Use of spent bleaching earth for economic and environmental benefit
Bleaching earth that has been used to remove the color pigments and impurities from edible oil typically contains entrained oil in the range of 30 to 50% by weight.
This spent bleaching earth is susceptible to spontaneous combustion; consequently, there are few practical uses for it, and handling and disposing of spent bleaching earth is a fire risk, an operating expense, and a source of environmental regulatory concerns—not to mention a significant cost due to the value of the oil that is lost.
This article describes how mixing the spent bleaching earth with salt can eliminate the spontaneous combustion problem while providing a high-demand salt-lick product for livestock.
Since the advent of using clay to adsorb color pigments and impurities from edible oil, processors have been confronted with the problem of spent earth disposal. Typically, spent bleaching earth contains entrained oil in the range of 30 to 50% by weight. The entrained oil is in the form of a thin film spread over the immense surface area provided by the clay particles. Upon exposure to air, rapid oxidation of the oil film occurs and sufficient heat is generated to cause spontaneous combustion. Consequently, the most common method of spent earth disposal is to haul and bury it at a solid waste disposal site. Handling and disposing of spent earth is a fire risk, an operating expense, and a source of environmental regulatory concerns. In addition, the value of the oil that is lost is a significant cost.
For more than 100 years, ideas about practical uses for spent bleaching earth have been originated and tried without much success. Integrated oilseed processors and edible oil refiners have had limited success in adding some spent bleaching earth to meal by taking advantage of the allowable use of clay as a flow aid. Due to problems involving safe handling and uniform blending, the addition-to-meal practice is limited. There is some adding of spent bleaching earth to livestock feed in several countries, but the risk of spontaneous combustion is typically a barrier.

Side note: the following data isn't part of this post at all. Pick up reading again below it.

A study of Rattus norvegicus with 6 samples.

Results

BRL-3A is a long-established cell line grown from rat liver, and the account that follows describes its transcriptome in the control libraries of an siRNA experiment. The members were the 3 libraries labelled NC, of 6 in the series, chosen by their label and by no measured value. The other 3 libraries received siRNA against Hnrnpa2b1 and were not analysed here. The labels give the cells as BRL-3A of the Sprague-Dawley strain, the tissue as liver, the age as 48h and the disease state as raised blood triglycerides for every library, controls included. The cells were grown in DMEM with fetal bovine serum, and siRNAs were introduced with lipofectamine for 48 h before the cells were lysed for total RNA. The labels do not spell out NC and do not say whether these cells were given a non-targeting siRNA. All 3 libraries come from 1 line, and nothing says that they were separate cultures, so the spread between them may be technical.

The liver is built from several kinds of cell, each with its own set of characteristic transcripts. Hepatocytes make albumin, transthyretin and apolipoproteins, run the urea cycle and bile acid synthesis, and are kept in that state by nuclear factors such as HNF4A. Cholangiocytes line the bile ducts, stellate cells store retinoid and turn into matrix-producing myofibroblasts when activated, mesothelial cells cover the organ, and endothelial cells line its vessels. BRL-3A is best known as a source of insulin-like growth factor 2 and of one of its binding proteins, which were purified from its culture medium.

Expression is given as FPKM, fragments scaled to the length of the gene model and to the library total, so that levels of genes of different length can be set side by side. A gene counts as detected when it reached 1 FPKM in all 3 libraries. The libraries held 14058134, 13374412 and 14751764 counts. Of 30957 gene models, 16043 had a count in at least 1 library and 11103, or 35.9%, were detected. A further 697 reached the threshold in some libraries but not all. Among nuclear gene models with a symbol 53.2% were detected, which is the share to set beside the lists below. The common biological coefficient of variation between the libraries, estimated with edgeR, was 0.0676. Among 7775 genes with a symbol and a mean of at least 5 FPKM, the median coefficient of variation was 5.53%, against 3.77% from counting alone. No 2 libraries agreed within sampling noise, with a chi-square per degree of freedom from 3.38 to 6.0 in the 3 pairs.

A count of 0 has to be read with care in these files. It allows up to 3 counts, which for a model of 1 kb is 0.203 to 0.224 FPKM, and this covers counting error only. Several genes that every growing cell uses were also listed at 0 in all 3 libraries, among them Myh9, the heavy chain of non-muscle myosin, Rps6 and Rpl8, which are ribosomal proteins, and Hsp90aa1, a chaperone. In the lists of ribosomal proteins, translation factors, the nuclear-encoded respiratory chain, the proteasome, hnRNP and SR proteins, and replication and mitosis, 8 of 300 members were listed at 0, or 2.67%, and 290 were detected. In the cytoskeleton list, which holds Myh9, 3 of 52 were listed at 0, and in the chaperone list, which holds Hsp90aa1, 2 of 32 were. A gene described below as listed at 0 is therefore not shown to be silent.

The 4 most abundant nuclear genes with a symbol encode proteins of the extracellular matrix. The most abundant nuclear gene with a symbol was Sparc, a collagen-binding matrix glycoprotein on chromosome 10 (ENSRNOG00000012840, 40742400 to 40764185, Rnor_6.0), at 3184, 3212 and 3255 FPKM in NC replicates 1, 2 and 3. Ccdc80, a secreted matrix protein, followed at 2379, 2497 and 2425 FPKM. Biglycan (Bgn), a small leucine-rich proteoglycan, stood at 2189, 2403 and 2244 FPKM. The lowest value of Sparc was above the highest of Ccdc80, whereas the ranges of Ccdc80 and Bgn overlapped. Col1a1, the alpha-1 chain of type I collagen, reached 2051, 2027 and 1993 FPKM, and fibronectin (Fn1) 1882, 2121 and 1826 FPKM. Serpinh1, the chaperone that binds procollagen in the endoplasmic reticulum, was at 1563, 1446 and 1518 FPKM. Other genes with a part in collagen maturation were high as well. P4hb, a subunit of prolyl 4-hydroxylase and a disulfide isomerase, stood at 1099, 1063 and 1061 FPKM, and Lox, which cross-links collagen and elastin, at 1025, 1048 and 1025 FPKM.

A new solution with positive feedback
In 2011, the author originated the idea that salt could be added and mixed with spent bleaching earth to eliminate the spontaneous combustion problem and provide a high-demand salt-lick product for livestock. A provisional patent was filed to protect the idea and to provide the time for validation. During the summer of 2012, experimental work was conducted to verify that the hydroscopic properties of salt, together with the dilution effect, would eliminate the spontaneous combustion problem with spent bleaching earth. The experimental work was carried out over a week using spent bleaching earth that came directly from an edible oil processing plant (Fig. 1). It was found that salt content as low as 35% would eliminate spontaneous combustion. To provide an additional safety factor, 45% salt addition was established as the minimum.
Fig. 1. Experimental work was conducted by the author using spent bleaching earth that came directly from an edible oil processing plant.
After the experimental work was completed, filing was initiated for a regular patent under the protocol of the international patent agreement. Following successful review of the patent application by the international board, applications have subsequently been filed in most of the livestock-producing countries of the world.
In June 2014, salt-lick products in block and granular form were produced for trial by five cattle producers in the US States of Colorado, Missouri, and Louisiana (Figs. 2 and 3). The feedback from these trials was universally positive. The inventor had no doubt about the expected outcome given his experience:
as the son of a Colorado cattle rancher who used salt-lick products for cattle;
working for 50 years in all aspects of the edible oil processing industry;
monitoring the attraction of cattle to lick spent bleaching earth at a pasture site used for spent bleaching earth disposal. (While anecdotal, 38 years of observation revealed that the cattle involved thrived in terms of health, weight gain, and glistening coats.); and
interacting in recent years with livestock nutritionists focused on the significance of metabolizable energy.
Fig. 2. The author mixes the products produced for the trial.
Fig. 3. The trial product was formulated to meet each user’s specifications with respect to the inclusion of minerals and/or protein meal.